Dead Poets Society – Blu-ray Review

The film that proved Robin Williams could be a solid dramatic actor and also taught us to all love literature comes to Blu-ray looking great and just as powerful.

1989’s Dead Poets Society was directed by Peter Weir (The Truman Show) and was written by Tom Schulman (Medicine Man). Along with Williams, the film featured great performances from Robert Sean Leonard, Ethan Hawke, Josh Charles, and Kurtwood Smith.

Set in 1959 at the upscale Welton Academy for boys in Vermont, the film follows a group of students who are influenced to think for themselves by their unorthodox English teacher John Keating (Robin Williams). Welton Academy has a long tradition of molding young minds and sending its students off on their expected paths of life (which are pretty much set by their rich fathers).

Keating (who attended the school as child) arrives to take over the English class, but is instantly not what the students or other faculty is expecting. While his methods shock some students and upset other members of the faculty, it encourages several students – including Neil (Leonard), Todd (Hawke) and Knox (Charles) – to not blindly follow in their father’s footsteps and to actually start thinking for themselves.

The main three boys form a new version of the Dead Poets Society (a secret club Keating was a member of as a student) and start holding meetings in a cave off campus. They also start acting out in search of a freedom that Welton doesn’t encourage.

Neil decides he wants to be an actor and even lands the role of Puck in the local production of A Midsummer Night’s Dream. He is thrilled with the opportunity, but clashes with his father (Smith) who wants him to double down on his academics. Neil’s disobedience leads to his father deciding to put the boy into a military academy and has tragic results by the end of the film.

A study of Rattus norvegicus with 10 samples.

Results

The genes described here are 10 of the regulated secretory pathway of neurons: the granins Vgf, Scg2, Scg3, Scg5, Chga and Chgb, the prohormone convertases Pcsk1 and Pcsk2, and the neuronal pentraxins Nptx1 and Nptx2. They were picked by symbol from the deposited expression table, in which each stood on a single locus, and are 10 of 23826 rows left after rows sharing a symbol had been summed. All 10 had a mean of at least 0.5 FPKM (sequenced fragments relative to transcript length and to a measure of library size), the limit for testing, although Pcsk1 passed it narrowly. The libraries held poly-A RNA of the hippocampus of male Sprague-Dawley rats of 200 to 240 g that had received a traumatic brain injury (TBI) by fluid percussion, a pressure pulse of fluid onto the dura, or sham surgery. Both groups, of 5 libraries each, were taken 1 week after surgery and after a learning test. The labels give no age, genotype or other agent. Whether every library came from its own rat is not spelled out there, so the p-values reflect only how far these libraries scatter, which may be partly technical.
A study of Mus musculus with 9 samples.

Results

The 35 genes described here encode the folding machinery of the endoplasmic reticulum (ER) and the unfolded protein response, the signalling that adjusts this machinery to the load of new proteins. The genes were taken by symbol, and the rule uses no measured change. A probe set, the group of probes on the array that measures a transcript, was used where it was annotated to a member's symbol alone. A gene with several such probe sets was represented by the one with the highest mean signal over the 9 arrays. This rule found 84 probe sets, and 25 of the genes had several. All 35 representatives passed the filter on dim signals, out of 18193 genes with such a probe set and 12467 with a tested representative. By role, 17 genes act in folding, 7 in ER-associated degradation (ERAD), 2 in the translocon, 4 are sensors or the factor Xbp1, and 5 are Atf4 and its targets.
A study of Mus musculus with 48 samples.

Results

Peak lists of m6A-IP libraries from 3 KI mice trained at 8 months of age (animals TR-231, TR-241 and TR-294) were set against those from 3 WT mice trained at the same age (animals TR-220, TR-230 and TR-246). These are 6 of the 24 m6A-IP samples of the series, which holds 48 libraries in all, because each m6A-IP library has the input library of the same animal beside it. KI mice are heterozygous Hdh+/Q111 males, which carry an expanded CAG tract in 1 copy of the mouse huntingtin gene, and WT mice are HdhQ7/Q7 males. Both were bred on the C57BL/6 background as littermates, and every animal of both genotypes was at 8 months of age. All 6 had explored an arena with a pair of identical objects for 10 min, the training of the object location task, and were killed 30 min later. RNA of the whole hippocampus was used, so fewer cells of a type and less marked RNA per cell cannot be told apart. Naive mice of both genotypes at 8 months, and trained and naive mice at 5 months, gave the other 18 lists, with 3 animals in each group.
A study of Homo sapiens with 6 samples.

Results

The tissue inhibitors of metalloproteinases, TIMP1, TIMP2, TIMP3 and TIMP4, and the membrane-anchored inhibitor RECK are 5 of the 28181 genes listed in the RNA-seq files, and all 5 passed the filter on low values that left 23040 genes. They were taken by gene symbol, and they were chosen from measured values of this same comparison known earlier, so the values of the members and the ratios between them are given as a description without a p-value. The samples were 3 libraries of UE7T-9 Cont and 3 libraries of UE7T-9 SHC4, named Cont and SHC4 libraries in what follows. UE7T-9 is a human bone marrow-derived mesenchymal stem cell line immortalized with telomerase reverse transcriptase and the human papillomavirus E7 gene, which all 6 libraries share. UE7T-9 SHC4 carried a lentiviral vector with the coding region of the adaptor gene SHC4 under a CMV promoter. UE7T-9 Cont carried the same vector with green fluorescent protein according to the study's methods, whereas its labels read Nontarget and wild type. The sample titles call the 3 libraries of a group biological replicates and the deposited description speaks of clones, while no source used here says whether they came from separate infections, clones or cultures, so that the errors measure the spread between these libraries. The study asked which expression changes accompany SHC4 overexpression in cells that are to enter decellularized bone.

Todd is a character that is full of self-doubt and has absentee parents who don’t seem to care too much about him – even giving him the same gift for his birthday two years in a row. Keating’s style of teaching intimidates the boy, but he slowly starts to find his voice as the film rolls along.

Knox serves as the one most encouraged by Keating’s teaching and is also struck by love. He is brash, daring and not scared about the consequences for much of his actions.

Dead Poets Society is an incredibly moving film and it only seems to be getting better. Williams gives one of the best performances of his career and is completely believable in the role of Keating. The actor truly shines in the film blending his natural comedy style with a heavy sense of dramatic talent. By the end of the movie, the audience cares as much for the teacher as the students do.

All three of the young actors are also extremely good in the film and capture different aspects of what it feels like to be young and with your life planned out for you by your parents. The tragedy of Neil still feels drastic, but is believable given how hard his father pushed the boy.

The film looks solid on Blu-ray and comes loaded with special features that will please fans of the movie.

Dead Poets Society is a film that still packs a huge emotional punch. It features extremely good performances from its cast, and will keep you talking about it long after the end credits roll. The Blu-ray edition of the movie doesn’t offer much of a reason to upgrade if you already on the film on DVD, but is more than worth the purchase price if it isn’t already owned.

Visit the DVD database for more information.

Note the date on this article may be incorrect due to importing it from our old system.